Tuesday, November 30, 2021
RED. That’s what the screens showed today with corn, wheat, and soybeans all closing lower. New concerns on the covid 19 omicron variant spooked all sectors today. Wheat led grains lower by closing 33 to 35 cents lower. Corn closed 14 to 15 cents lower, and soybeans fell 24 to 26 cents. The outside markets also tumbled, with crude oil down $3.30, gold down $11, and the dollar index was down 0.458. The Dow Jones index was down 652 points, while the NASDAQ was down 245 points.
End of the month selling and fund liquidation were the themes today in the grains. Yesterday the funds sold an estimated 40 mln bushels of corn, 40 mln bushels of soybeans, and 50 mln bushels of wheat. Today they sold an additional 100 mln bushels of corn, 100 mln bushels of soybeans, and 100 mln bushels of wheat. That’s alot of fund liquidation in a two day time frame!
New fears of the omicron variant weren’t helped by vaccine maker Moderna. The CEO of Moderena suggested that the first vaccines won’t be as effective on the variant. The markets don’t like to have uncertainty, and that is exactly what we have right now.
Fed Chairman Jerome Powell spoke today in testimony to the US Senate. He stated that it is time to retire the word “transitory” as it relates to inflation. It’s the first time the FOMC has finally acknowledged inflation. All of us in the farm sector have seen rampant inflation, especially on equipment, parts, real estate, fertilizer, fuel, and lumber. The list goes on and on! Expect the Fed to raise interest rates and some expect them to rise closer to 2% in 2022. Another reason for the sell off today!
Crude oil has been in free fall mode since posting a high of $84.97 back on November 10th . The $19 drop in crude oil futures has come as a big surprise to many energy traders who had visions of $90 to $100 crude in the future. As you can see on the chart below, crude oil had a big $10.00 move lower on “Black Friday”, followed by the $3.50 lower move today. Crude oil prices traded within $2.00 of the $62.00 support area today, and at their lowest levels since late August. Hopefully prices at the pump come down to reflect this 22% drop in prices. Lower energy prices, and demand have pressured the corn and ethanol sector these past 2 days.
The soybean crush margins have been beat down hard the last few days. Lower soybean meal and lower soybean oil pressured soybeans as funds liquidate their longs,has spurred some of the breakdown in soybeans. That along with rapid soybean plantings in Brazil is pressuring the soybean sector. AgRural pegs the planting pace in Brazil at 90% complete. Brazil is also getting nice rains in the Central areas, which will really help that crop.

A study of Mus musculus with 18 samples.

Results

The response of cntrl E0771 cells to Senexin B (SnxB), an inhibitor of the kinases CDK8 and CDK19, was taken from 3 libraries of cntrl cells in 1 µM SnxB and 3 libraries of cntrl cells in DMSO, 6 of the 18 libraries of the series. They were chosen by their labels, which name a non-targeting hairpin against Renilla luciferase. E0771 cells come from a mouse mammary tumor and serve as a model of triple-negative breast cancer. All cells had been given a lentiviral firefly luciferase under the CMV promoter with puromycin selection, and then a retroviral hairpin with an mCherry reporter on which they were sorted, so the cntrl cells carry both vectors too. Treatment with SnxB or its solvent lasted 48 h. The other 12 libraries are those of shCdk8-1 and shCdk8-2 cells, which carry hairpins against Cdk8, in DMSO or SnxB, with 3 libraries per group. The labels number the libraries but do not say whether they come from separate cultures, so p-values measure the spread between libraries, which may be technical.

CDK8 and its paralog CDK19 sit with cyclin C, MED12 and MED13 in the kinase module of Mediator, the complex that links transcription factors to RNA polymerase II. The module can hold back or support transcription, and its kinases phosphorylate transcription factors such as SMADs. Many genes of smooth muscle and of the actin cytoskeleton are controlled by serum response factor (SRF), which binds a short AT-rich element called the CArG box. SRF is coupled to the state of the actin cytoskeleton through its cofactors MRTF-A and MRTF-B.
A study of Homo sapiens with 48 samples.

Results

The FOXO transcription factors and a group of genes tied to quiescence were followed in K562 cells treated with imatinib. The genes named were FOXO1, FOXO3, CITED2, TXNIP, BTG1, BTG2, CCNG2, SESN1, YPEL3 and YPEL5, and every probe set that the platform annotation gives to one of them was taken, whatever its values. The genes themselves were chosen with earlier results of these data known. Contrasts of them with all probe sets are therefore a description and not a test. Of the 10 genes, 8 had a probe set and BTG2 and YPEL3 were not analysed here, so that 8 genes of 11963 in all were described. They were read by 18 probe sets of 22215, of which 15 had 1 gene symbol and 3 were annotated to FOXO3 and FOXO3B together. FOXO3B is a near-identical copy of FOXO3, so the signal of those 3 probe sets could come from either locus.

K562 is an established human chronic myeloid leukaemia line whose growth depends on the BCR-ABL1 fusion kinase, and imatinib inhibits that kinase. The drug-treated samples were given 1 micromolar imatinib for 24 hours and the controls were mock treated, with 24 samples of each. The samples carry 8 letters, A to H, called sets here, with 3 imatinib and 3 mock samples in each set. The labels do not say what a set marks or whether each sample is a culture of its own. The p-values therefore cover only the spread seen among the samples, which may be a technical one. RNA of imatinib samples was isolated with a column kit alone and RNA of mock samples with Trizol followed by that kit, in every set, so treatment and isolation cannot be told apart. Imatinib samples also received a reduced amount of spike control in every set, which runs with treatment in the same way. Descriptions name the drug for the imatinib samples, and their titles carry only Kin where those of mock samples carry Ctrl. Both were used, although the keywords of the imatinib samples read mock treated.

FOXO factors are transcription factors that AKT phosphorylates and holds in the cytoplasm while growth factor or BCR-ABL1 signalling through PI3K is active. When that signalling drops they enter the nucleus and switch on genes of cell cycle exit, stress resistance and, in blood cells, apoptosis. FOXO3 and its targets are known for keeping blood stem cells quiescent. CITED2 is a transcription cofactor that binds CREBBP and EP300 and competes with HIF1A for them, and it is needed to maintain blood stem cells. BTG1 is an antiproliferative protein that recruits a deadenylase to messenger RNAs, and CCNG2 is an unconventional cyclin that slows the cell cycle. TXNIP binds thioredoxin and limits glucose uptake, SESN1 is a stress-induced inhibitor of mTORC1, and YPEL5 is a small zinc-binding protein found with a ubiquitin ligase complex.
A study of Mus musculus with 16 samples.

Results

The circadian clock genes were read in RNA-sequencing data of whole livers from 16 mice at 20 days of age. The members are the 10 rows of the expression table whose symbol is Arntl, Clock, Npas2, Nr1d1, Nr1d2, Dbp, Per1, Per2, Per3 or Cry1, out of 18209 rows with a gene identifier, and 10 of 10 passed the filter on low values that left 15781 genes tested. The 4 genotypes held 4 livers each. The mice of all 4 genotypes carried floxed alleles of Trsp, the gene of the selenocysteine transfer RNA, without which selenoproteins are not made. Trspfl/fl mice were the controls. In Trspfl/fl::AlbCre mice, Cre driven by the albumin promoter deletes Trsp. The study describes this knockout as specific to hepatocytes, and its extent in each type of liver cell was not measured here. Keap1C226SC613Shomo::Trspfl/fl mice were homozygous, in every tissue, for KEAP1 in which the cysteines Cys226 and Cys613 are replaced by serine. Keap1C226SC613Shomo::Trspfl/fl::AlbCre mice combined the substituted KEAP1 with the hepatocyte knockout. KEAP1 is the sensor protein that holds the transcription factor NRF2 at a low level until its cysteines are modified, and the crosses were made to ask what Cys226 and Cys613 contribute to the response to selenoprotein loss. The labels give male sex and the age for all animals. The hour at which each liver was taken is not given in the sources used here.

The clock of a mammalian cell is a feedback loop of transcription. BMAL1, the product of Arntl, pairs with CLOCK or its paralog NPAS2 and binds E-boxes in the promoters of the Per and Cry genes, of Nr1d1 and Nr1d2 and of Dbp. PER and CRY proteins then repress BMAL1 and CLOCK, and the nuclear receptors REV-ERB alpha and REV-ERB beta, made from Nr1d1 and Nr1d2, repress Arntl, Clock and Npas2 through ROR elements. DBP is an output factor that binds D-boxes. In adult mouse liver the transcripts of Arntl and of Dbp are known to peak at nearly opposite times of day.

While on the topic of South America, their US equivalent date compared to the US crop is around June 21st today. They still have a large chunk of the growing season ahead, but are entering the time of the season when water needs increase. The funds will keep a very close eye on any potential crop problems, and could start adding to their short position if the forecasts are viewed as negative. For reference, the general rule of thumb is to take our date, and add 6 months and 3 weeks. Below is the US date and South American equivalent. And
Days like today are never fun, but there will hopefully be better days ahead. Many of our producers are busy with fieldwork at the end of November, and it appears the first week of December will be warm enough to still be in the fields. High fertilizer prices and tight supplies of nitrogen should help support the corn market to secure acres. Inflationary fears are not going away, which should also support wheat. The shift to renewable fuel in the future is still in the works, which will mean more soybean acres will be needed in future years. The outlook still looks bright!
That’s all for today. See you here tomorrow.
This material should be construed as market commentary, merely observing economic, political and/or market conditions, and not intended to refer to any particular trading strategy, promotional element or quality of service provided by AgriSource Inc. Information contained herein was obtained from sources believed to be reliable, but is not guaranteed as to its accuracy. These materials represent the opinions and viewpoints of the author, and do not necessarily reflect the viewpoints and trading strategies employed by AgriSource, Inc.
AgriSource, Inc. is not responsible for any redistribution of this material by third parties, or any trading decisions taken by persons not intended to view this material. It does not constitute an individualized recommendation, or take into account the particular trading objectives, financial situations, or needs of individual customers. Contact AgriSource, Inc. designated personnel for specific trading advice to meet your trading preferences or goals.